Google Founders Lose Pentagon Jet Fuel Discount
NEW YORK - SEPTEMBER 23: Google founders Larry Page (R) and Sergey Brin (L) speak at a press conference announcing Google's launch of a new transit mapping feature of Google Maps with the Metropolitan Transit Authority at Grand Central Station on September 23, 2008 in New York City. Users searching for driving directions will also be given the choice of public transportation directions. (Photo by Michael Nagle/Getty Images)
Google founders Larry Page and Sergey Brin will no longer be getting a government discount when jetting around the world.
Page and Brin's six-year deal to buy cheap jet fuel from the Pentagon ended Aug. 31, according to the Wall Street Journal, when the U.S. Department of Defense killed the arrangement between NASA and the billionaires. The decision came after Pentagon official Sen. Charles Grassley, R-Iowa, wrote a letter questioning the terms.
"Are some executives getting a special deal on fuel that isn't available to other businesses?" Grassley asked in the letter, suggesting the arrangement wasn't being fiscally responsible.
NASA allowed Google to house its private fleet at Moffett Federal Airfield in 2007, and the contractor in charge of those planes pays $1.3 million a year in rent, which helps NASA cut costs. Google is also leasing some land there for a future campus.
It's not as strange as it seems because NASA benefits from flights by an Alpha jet purchased by Google executives. The government agency uses the jet to measure greenhouse gases in the atmosphere, according to the WSJ. "NASA is always looking for innovative, public-private partnerships to help advance our mission and provide benefit to the American taxpayer," a spokeswoman for NASA said, but she also said that Google will now pay "fair market prices."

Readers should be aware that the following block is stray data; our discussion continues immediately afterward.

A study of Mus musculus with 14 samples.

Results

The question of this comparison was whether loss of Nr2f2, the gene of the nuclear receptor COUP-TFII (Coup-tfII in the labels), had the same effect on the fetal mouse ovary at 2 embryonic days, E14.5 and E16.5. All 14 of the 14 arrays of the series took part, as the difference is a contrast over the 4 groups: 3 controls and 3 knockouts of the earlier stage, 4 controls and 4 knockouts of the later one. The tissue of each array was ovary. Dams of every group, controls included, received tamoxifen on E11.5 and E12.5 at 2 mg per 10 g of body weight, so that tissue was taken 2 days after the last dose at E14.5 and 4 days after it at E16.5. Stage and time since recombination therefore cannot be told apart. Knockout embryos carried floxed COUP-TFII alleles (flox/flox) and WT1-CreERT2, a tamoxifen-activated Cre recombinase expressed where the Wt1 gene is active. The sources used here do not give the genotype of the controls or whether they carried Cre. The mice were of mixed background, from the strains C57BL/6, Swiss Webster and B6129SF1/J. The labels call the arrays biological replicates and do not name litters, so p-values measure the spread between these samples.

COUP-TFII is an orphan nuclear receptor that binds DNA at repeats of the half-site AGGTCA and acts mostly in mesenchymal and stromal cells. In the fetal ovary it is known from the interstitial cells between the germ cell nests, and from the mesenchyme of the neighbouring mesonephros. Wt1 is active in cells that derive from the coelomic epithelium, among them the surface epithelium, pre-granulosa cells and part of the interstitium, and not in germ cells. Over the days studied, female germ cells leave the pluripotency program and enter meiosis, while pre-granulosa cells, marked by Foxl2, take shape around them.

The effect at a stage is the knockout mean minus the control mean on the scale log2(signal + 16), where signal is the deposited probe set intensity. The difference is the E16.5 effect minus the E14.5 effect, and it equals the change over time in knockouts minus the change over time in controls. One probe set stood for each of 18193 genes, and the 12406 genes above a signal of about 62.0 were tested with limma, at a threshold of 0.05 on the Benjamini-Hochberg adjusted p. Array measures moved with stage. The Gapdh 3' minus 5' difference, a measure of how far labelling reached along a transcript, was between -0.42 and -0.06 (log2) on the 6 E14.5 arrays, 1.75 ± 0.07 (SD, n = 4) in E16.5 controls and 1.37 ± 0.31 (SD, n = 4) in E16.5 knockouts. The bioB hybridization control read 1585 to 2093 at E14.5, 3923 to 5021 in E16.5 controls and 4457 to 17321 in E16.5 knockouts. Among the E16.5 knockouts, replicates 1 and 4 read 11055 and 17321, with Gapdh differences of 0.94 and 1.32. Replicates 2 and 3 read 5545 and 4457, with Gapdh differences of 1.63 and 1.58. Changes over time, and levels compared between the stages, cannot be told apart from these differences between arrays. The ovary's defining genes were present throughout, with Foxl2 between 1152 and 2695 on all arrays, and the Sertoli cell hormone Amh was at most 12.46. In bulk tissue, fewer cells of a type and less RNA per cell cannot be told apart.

Google's air fleet contractor H211 has bought 2.3 million gallons of jet fuel since early 2009, and paid an average of $3.19 per gallon, a steep discount from the average $4.35 a gallon paid by most corporate fleets. Most of the flights were to Los Angeles and New York, but planes flew several times to the Caribbean (20), Hawaii (17), Nantucket, Mass. (16) and Tahiti (15.)
Did Google's founders take advantage of the deal? Probably, because who wouldn't jump at the chance of getting discount fuel even if they didn't have an Alpha jet to lend? Nonetheless, six years is a long time to get a barely-questioned perk by the U.S. government, so Google had a healthy run of good luck.